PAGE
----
Findability and Information Architecture Primer




informationarchitected-ia-findability-primerIA Primer: Findability: The Art and Science of Making Content Findable

This report focuses on the dangers of assuming that search (enterprise search, federated search, application search, parametric search, etc.) is the answer to your findability problems.

Do you want to search, or find? Be careful what you build – you may be making your findability problem all that much worse for the noise that bad search can introduce.

Outline of the IA Primer: Findability: The Art and Science of Making Content Findable

  • Why Findability is Critical Today
    • Defining Findability
    • Distinguishing Findability from Search
    • Understanding the Findability Dilemma of Precision vs. Recall
  • Defining and Positioning Findability Component Technologies
  • Developing Your Findability Strategy
  • Planning Advice
    • Content
    • Context
    • Community

findability-primer-wordle

Excerpt:

Why Findability is Critical Today

Content without access is worthless. With the advent and maturity of the Internet, what was once exclusively the domain of libraries and the private collections of enterprises is now a broadly understood issue.

Case in point:  Moments ago, I entered the word “Findability” into an online search tool that indexes the Internet. More than 543,000 individual bodies of content were retrieved. Eureka – Findability solved, right? With a simple search, I am able to retrieve “all” of that content. No. The rules of the game have changed significantly.
Different approaches and models for organizing and accessing content (e.g., file-shares and simple word-based query tools) are dated and no longer adequate. Providing access to content in a shared repository with a loosely defined naming convention all too often results in smaller sub-collections that are no more easy to navigate and retrieve content from with any degree of effectiveness and timeliness.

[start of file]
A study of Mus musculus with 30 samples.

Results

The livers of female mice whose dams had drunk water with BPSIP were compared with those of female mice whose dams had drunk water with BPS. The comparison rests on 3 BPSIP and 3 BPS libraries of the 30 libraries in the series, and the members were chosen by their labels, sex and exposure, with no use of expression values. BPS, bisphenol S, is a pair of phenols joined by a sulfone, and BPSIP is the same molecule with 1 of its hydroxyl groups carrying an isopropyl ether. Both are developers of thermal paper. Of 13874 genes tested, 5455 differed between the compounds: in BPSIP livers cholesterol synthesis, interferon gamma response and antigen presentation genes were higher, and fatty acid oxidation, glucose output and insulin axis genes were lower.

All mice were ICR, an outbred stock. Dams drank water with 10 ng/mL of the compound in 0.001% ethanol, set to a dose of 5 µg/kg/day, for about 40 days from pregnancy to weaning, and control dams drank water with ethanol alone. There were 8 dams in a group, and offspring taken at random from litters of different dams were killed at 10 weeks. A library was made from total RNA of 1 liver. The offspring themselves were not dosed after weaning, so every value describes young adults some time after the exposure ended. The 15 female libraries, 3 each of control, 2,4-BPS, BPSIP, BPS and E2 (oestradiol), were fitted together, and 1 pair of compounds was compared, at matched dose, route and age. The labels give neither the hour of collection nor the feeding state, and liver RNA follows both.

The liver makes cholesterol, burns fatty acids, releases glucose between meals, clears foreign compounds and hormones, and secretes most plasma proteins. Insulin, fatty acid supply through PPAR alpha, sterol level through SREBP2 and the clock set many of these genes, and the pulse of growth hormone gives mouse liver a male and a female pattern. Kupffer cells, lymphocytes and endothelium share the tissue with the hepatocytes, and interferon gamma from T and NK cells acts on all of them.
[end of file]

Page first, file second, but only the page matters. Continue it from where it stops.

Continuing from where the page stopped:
Applying simple search to the problem does not make the situation much better.  There are many reasons for this, all discussed in this report, but the simplest to point to as means of introduction to the issues is the scenario introduced above : A simple search for “Findability” on the Internet results in 543,000 hits found. While the search may narrow down the overall collection, the sheer volume of content renders this naïve form of selection useless. It does not provide a level of granularity low enough to meet my particular needs and perspectives.

While the example above is based on the World Wide Web, the situation within large organizations is not much better. The volume of content in any single organization is hardly near Internet-scale, but nonetheless large enough to overwhelm the user in a similar manner. It is irrelevant whether retrieval results in 543,000 documents found, or 543 found. The point is that both scenarios represent a situation that is unmanageable by the user. In addition, the ability to create content within the enterprise in myriad formats (e.g., e-mail, video, instant messaging, blogs, wikis, PDFs, word processing files, scanned images) far outpaces our ability to effectively find that content.

This Findability and Information Architecture Primer is a free download.